One of the first and bravest experiments in stand-alone, direct commissioned journalism has come to an end with Christopher Allbritton, former AP and New York Daily News reporter, announcing the end of his reader-funded blog, written from the Middle East. Allbritton is more than a little disillusioned. Responding to criticism from both sides of the extreme Middle East debate, he writes in his sign-off:

Subtlety doesn’t seem to have much place in the blogosphere anymore, where you get the most attention and the most hits by putting out whatever half-assed opinion one can muster. You only have to shout loudly enough and play to whatever audience you want to get the attention. Blogging these days seems to resemble bad vaudeville rather than thoughtful commentary.

I never wanted that from blogs. I had a vision of blogs standing alongside the so-called mainstream media and being the garnish of a well-balanced media diet… but now, it seems the blogosphere has become more concerned with “gotcha” politics and “fact checking your ass,” mantras by armchair photo analysts who have no clue about what happens in a war or how photographs are made and distributed. They just want to score points in what seems to be, at best, a debating club rather than real life and death situations. Congratulations, your team won. Yay. People are still dead, you know. It’s happened in Iraq and it’s happened here, and I don’t really feel like being part of that culture any more.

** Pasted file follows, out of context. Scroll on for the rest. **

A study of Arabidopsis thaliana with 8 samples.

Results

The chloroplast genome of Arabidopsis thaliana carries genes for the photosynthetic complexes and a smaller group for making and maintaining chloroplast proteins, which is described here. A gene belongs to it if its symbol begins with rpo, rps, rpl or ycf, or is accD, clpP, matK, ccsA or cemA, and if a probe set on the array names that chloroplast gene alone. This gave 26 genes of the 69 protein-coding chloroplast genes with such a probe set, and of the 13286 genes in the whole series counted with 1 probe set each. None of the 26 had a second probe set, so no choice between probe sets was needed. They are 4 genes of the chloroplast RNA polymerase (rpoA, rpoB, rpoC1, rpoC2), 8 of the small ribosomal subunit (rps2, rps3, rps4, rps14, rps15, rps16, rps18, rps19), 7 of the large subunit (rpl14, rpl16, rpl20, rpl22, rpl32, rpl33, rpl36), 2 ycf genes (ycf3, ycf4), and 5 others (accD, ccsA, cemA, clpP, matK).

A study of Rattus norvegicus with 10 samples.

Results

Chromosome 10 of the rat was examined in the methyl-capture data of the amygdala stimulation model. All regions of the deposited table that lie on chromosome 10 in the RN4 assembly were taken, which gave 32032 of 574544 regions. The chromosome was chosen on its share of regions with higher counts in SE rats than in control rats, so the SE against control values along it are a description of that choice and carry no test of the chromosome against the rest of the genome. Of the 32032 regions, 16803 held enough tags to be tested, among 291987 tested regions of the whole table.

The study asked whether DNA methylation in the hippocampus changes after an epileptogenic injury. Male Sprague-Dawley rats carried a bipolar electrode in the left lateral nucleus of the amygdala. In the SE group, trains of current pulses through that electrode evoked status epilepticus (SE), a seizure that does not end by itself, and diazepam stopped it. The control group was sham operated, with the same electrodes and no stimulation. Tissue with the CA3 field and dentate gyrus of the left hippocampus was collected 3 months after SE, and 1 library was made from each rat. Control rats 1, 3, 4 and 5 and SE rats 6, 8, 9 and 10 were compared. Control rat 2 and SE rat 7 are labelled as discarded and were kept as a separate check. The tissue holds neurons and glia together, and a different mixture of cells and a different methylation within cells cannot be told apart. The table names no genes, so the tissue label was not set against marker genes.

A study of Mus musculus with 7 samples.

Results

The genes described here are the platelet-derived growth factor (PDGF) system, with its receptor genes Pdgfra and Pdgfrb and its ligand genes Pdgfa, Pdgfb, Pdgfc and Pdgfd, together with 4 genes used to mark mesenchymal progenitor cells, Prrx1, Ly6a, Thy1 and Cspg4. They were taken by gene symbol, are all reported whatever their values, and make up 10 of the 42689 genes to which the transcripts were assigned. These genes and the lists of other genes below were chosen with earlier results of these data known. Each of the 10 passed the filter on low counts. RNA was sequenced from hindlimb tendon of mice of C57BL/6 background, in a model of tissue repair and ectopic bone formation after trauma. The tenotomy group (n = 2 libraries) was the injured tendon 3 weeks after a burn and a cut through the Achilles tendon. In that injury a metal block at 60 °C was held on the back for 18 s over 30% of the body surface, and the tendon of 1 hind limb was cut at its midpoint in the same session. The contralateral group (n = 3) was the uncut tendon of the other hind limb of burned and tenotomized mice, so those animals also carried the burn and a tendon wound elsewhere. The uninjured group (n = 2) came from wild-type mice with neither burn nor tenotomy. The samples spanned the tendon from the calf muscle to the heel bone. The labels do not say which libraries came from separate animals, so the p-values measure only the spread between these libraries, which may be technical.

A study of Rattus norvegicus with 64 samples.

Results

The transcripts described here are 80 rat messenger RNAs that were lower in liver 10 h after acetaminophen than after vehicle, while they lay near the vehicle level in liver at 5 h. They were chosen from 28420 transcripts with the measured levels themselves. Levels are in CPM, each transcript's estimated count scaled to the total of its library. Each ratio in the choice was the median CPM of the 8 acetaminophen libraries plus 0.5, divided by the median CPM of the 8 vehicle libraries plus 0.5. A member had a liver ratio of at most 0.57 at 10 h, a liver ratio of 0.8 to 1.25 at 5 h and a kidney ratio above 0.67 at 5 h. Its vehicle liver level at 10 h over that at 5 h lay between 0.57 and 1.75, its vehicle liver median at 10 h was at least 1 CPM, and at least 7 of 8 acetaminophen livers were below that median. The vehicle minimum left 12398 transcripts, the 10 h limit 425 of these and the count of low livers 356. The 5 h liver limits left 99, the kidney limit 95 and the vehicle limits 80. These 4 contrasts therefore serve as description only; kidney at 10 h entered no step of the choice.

When Allbritton’s blog began in 2003, it was hailed by commentators such as Jay Rosen as one of the ways of the future for good journalists. Allbritton had asked readers of his blog to send him to Iraq at their expense. He raised $14,500 from 342 donors and bought a plane ticket to Turkey, a Global Positioning system, a laptop and rented a satellite phone and digital camera. He snuck himself over the border into Iraq and began reporting. He drew up to 23,000 users to his site “thus proving,” said Rosen “that not that anyone in the public can perhaps be a journalist, but that anyone who is a journalist can have a mini-public on the Net.”

Three years later it seems that the toxic blogging culture has worn Allbritton down. It’s a sad day, and perhaps a caution for new media optimists.

But meanwhile another venture inspired by his work is now up and running. – a scheme in which the public, journalists and editors work together to commission and carry out investigative journalism — is up and running and has its first assignment. Check it out here.